Clearly the scale of this public health threat has necessitated an unprecedented response to save human life. There will be a long tail to this crisis with hard lessons to come. Our Prime Minister, Boris Johnson, has rightly pledged to put public health first as we emerge from this phase and begin to meet the ‘five tests’ for recovery. But as we do so we must not let other threats to public health and safety simply fade into the background of public concern.
For decades, the UK has to all intents and purposes ignored the public health impact of asbestos, another silent killer that is the leading cause of the terminal lung disease mesothelioma, and the UKs number one cause of occupational death. Asbestos related diseases account for around 10,000 deaths per year, if we include the fatalities of those aged over 75, which are inexplicably omitted from official figures. A statistical practice that would be unimaginable in accounting for Covid-19 deaths.
The fact that asbestos related deaths receive so little attention highlights the difference between a fast and slow epidemic and the double standards in how we respond to the dangers they present. Yes, contagion plays into the fear factor, but both are a real and present threat to life.
Like the coronavirus, asbestos related disease can take time to manifest symptoms. But unlike the coronavirus, this can typically take between 20 and 40 years to emerge. The difference here is not just temporal, but political. COVID-19 can take effect within as little as 24 hours. Because it carries a risk of imminent fatality to the patient, and rapid transmission to others. The only cogent health and safety response is to stop the spread of contagion.
A disease that takes decades to develop after first contact with a source, does not frighten us into the same call to action. In such cases, health and safety policy slackens and precautions often enacted lackadaisically if at all, lack any proper means of oversight or enforcement. The biggest single asbestos related disease is mesothelioma, and this is incurable. This should make its prevention more important to us as its consequence is fatal.
A slow silent killer that spares no-one is considered less lethal than one which acts swiftly yet is survived in the vast majority of cases. It is an added shame then that those most at risk of developing mesothelioma, whose condition we ignore, happen to be society’s most essential workers.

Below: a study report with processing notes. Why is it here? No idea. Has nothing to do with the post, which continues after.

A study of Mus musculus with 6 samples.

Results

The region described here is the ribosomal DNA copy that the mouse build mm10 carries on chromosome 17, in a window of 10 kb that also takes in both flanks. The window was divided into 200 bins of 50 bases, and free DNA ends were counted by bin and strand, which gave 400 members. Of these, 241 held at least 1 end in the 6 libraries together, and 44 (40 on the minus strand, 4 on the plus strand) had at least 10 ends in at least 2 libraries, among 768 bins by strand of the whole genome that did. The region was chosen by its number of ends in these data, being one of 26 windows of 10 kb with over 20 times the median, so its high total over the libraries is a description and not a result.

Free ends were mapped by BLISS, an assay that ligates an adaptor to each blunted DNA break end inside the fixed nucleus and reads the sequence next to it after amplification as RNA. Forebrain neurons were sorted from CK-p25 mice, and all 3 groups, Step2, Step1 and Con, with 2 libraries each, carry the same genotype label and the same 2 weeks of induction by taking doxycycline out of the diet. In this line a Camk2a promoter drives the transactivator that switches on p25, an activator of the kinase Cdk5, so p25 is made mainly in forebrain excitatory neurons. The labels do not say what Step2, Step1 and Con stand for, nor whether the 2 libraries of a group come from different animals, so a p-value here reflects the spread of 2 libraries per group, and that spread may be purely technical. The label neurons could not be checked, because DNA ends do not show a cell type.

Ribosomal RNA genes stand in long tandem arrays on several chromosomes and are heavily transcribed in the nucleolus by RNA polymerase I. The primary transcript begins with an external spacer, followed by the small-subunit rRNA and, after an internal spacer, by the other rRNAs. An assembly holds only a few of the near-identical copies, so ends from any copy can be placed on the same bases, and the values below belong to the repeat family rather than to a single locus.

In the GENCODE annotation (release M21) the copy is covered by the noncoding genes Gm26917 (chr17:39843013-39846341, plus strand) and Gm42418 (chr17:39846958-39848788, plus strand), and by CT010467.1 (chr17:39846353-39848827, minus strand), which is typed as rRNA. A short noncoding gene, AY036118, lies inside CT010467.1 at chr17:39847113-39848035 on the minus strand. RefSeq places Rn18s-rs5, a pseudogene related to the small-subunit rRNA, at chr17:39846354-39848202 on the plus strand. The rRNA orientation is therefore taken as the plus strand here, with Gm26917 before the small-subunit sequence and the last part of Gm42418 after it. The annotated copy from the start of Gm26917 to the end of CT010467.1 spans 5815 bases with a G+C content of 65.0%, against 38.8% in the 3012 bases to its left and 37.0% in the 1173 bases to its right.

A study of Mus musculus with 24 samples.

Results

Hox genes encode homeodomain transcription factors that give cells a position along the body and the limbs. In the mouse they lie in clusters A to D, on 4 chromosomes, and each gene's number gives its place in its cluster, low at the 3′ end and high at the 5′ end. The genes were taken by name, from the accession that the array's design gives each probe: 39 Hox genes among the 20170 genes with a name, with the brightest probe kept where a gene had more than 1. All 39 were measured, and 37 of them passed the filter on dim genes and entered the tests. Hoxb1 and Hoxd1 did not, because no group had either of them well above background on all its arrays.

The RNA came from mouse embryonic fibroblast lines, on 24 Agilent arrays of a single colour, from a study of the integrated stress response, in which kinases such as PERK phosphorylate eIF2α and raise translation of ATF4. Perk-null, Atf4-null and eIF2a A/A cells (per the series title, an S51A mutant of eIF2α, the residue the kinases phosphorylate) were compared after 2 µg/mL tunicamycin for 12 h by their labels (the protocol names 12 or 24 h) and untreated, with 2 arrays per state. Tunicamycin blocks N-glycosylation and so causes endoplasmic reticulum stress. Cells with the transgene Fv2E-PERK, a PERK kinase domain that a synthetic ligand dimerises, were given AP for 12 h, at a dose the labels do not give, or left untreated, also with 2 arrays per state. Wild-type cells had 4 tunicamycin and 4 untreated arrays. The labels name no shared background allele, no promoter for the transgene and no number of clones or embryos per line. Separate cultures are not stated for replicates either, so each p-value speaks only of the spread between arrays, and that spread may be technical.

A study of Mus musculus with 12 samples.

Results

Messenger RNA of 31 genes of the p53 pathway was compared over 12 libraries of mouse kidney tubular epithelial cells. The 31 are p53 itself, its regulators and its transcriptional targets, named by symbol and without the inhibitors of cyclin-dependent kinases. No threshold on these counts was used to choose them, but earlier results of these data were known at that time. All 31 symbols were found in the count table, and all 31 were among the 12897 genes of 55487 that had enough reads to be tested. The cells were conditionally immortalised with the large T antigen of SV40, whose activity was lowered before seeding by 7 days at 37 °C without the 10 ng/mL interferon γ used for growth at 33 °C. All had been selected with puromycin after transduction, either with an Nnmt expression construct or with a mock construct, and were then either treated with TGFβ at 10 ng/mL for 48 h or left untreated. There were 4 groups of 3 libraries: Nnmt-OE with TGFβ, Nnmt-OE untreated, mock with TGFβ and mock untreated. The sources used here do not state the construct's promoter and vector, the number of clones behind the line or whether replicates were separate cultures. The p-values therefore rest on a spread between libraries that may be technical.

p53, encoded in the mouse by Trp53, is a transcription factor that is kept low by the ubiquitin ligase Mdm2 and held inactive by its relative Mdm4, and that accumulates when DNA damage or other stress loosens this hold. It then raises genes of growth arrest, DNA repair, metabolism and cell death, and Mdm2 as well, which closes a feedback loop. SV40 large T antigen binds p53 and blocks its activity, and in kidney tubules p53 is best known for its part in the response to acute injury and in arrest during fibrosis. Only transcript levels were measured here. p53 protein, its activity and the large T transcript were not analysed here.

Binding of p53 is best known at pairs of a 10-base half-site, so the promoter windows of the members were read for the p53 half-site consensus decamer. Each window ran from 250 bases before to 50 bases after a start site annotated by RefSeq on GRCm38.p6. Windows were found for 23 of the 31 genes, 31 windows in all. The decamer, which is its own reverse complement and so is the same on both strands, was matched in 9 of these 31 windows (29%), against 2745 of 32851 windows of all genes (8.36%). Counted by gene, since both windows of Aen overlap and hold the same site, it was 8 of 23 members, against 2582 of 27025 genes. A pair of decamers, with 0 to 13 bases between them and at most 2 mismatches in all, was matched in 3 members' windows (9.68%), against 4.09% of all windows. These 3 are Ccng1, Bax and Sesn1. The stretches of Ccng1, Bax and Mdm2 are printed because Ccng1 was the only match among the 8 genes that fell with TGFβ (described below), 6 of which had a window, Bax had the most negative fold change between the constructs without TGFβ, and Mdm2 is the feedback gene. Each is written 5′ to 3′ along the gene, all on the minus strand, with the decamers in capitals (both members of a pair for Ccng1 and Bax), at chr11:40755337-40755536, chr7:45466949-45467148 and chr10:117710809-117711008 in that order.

Over the last two months, school across the UK have emptied while its hospitals have filled to capacity. Around 80 percent of these schools and 94 percent of these hospitals contain asbestos. Teachers and nurses are subsequently 3 to 5 times more likely to develop mesothelioma. When the country’s schools reopen, teachers and schoolchildren will wander right back into the line of fire. Asbestos kills teaching staff at a rate of around 20 per year, which doesn’t even begin to cover caretakers and administrative staff. NHS workers currently moving at breakneck speed around packed wards up and down the UK are largely unaware that absent the Coronavirus they are risking their health just by being in their place of work.
The Health and Safety Executive’s management regime around asbestos has consistently failed to act on this rising death toll among teachers and nurses, taking comfort from (or hiding behind) the fall in deaths caused decades before asbestos was banned. The UK currently lags far behind international standards for sensitive air monitoring, which many developed nations use to test buildings for ambient exposure. Germany not only exceeds UK testing for COVID-19 by a full 140,000 tests per week but has also managed for years to detect airborne asbestos levels with 10 times greater accuracy than in the UK. Its secret has been to invest in the right preventative measures from the get-go.
What then should Government do to eradicate the silent killer we’ve ignored for so long?
One idea articulated in a recent letter to the Chancellor by the think tank ResPublica is that some of the £1 billion allocated by the Treasury for the removal of unsafe materials from Britain’s public estate be used to give a full cost-benefit analysis of the phased removal of asbestos from schools. Detecting and removing the most dangerous material from schools first.
This provision in the budget is primarily aimed at fire prevention. However, as ResPublica points out, fire-safety measures have already started to reduce annual fire-related death rates (268 fire-related fatalities in the year ending June 2019, with death rates falling over the last decade). Comparatively little is being done meanwhile to protect ever younger generations of teachers and pupils from developing mesothelioma.
To accomplish this the UK should roll out a comprehensive sensitive air monitoring test of its public estate, using the best international standards to reveal the true extent of exposure to airborne asbestos and the health risks it presents.
Finally, let’s make the eminently sensible decision of introducing a national asbestos database, one that is centralised in the hands of the HSE so that we can see where and in what condition this material lurks in our public estate. It’s astonishing that no such database for Britain’s biggest occupational killer currently exists. What we measure today can be removed tomorrow.
COVID-19 has already revealed some difficult home truths about our public health policy. We have ignored and continue to ignore clear and present dangers to public health. Between 2001 and 2017 mesothelioma has killed nearly 77,000 people under the age of 74. The total number of asbestos related deaths over the same period could be up to four times higher. It’s time to take action.